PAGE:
OIG Posts FAQs on Enforcement During Pandemic

April 29, 2020 | Geoffrey R. Kaiser | Behavioral Health | COVID-19 | False Claims Act | Fraud and Abuse | Hospitals | Legislation and Public Policy | Telehealth

On April 24, the Office of Inspector General (OIG) of the U.S. Department of Health and Human Services (HHS) published responses to certain frequently asked questions and further explained its application of administrative enforcement authorities to arrangements directly connected to the COVID-19 pandemic.

OIG stated that it is accepting inquiries regarding application of its administrative enforcement authorities as they relate to the Federal Anti-Kickback Statute (42 U.S.C. § 1320a-7b(b)) and the civil monetary penalties law provision prohibiting inducements to beneficiaries (42 U.S.C. § 1320a-7a(a)(5)). Anyone with a question concerning how OIG would view an arrangement that is directly connected to the current health crisis can submit a question to [email protected] and provide sufficient facts to allow an understanding of the key parties and terms of the arrangement. OIG also offered a reminder that its advisory opinion process remains available to interested parties.

Separately, OIG also published answers to certain FAQs related to the COVID-19 public health emergency. However, OIG qualified its responses by making clear that its answers do “not bind or obligate HHS, the U.S. Department of Justice, or any other agency.” OIG also stated that its responses, while striving to be accurate, “will not result in prospective immunity or protection from OIG administrative sanctions or prospective immunity or protection under Federal criminal law” and that OIG “expresses no opinion with respect to the application of any other Federal, State, or local statute, rule, regulation, ordinance, or other law that may be applicable to the question answered, including, without limitation, the physician self-referral law [Stark Law].” OIG also made clear that it was not expressing any “opinion regarding the liability of any party under the Federal False Claims Act, Federal criminal law, or other legal authorities for any improper billing, claims submission, cost reporting, or related conduct,” that its “informal feedback” would apply “only to arrangements in existence solely during the time period subject to the COVID-19 Declaration,” and that OIG could take “a different position on arrangements that are the same or similar in nature that existed” before or after the public health emergency.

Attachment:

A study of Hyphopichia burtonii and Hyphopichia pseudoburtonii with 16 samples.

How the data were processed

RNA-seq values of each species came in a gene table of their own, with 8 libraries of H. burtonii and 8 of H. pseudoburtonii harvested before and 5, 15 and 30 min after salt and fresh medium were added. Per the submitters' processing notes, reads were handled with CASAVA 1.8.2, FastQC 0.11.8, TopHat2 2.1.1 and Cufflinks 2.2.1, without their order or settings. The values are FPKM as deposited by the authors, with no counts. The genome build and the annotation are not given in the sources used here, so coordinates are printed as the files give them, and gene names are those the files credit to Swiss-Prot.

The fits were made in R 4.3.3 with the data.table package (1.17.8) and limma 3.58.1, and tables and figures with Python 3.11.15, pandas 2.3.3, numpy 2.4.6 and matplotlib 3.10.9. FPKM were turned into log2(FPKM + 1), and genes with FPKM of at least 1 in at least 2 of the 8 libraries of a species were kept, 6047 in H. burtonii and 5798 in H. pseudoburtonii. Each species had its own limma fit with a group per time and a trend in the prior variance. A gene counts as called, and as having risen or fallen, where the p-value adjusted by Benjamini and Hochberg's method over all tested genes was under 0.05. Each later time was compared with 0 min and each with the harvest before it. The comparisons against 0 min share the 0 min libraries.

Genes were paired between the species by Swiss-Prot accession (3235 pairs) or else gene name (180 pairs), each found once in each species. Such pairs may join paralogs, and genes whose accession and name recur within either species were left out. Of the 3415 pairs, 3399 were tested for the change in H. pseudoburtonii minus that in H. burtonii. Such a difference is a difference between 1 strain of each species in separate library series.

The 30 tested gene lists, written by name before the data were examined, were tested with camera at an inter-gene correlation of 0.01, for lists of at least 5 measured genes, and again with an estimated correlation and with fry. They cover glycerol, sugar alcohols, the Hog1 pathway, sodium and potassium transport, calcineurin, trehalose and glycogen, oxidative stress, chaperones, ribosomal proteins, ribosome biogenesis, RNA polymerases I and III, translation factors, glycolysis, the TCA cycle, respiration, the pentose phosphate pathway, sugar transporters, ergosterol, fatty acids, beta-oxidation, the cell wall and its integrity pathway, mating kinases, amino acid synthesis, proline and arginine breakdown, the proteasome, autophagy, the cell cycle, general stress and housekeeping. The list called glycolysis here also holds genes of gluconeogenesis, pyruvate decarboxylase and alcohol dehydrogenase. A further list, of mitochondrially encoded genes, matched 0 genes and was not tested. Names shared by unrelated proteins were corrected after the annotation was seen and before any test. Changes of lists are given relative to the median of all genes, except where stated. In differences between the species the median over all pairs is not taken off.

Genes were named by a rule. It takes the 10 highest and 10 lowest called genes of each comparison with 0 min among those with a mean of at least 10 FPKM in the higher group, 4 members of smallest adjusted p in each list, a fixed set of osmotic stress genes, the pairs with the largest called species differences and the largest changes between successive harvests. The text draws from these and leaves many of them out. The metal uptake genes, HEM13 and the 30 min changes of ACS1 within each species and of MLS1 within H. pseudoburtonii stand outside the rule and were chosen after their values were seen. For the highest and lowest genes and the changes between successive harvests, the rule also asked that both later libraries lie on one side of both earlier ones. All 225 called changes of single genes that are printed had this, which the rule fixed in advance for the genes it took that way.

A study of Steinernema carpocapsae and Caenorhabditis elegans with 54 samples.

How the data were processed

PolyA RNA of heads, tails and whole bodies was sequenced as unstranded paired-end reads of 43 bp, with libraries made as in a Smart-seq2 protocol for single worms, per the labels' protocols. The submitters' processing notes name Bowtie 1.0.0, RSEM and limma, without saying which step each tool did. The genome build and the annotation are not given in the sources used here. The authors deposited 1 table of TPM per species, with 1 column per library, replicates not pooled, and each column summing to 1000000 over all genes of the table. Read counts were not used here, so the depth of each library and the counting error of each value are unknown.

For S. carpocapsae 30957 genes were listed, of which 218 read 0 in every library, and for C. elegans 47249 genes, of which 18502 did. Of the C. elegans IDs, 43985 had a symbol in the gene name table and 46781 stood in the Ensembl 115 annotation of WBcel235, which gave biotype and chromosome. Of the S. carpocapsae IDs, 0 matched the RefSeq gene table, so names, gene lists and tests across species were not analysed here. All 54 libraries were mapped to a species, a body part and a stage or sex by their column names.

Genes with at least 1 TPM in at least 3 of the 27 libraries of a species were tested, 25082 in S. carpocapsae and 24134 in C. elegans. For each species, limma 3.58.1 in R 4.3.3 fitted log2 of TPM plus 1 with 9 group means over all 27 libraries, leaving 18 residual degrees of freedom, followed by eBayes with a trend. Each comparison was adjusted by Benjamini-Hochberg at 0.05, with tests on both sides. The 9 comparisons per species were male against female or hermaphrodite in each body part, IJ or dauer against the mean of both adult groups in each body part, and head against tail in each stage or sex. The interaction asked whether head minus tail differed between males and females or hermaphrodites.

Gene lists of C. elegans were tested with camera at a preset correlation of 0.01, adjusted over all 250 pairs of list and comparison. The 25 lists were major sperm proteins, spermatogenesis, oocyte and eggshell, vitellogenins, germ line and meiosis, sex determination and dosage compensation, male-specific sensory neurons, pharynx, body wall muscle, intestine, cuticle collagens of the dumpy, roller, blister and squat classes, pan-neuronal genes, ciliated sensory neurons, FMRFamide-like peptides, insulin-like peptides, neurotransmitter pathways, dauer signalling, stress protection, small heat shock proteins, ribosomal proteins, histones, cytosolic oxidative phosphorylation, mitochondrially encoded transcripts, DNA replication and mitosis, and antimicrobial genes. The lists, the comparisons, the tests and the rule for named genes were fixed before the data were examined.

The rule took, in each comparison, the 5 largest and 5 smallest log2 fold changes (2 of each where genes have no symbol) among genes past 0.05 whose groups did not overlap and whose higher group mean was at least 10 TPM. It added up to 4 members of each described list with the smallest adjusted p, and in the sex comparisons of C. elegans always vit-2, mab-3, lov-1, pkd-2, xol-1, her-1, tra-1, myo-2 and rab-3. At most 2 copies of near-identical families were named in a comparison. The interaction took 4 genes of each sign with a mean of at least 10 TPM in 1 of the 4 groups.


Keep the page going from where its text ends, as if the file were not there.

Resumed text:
OIG responded to selected questions and stated that it “plans to review all submissions, develop responses as appropriate to Frequently Asked Questions (FAQs), and make such responses publicly available on its website by updating this site.” The FAQs covered in the April 24 notice are as follows:

  • I am an eligible provider who received a distribution through the CARES Act Provider Relief Fund.  Where do I sign my attestation?
  • Can mental health and substance use disorder providers accept donations from public entities (i.e., local State, or Federal government entities), private charitable foundations, or health plans to fund cell phones, service or data plans, or both for patients who are financially needy or who do not own their own cell phone for the purpose of furnishing medically necessary services while in-person care is disrupted during the COVID-19 outbreak?
  • Can an oncology group practice provide free in-kind local transportation to and from an established patient’s home to an alternate practice location to receive medically necessary oncology care during the time period subject to the COVID-19 Declaration?
  • Can health care providers and practitioners furnish services, not to exceed their scope of practice, for free or at a reduced rate, to assist skilled nursing facilities (SNFs) or other long-term-care providers that are facing staffing shortages due to the COVID-19 outbreak?
  • Can a hospital provide access to its existing HIPAA-compliant, web-based telehealth platform for free to independent physicians on its medical staff to furnish medically necessary telehealth services during the time period subject to the COVID-19 Declaration?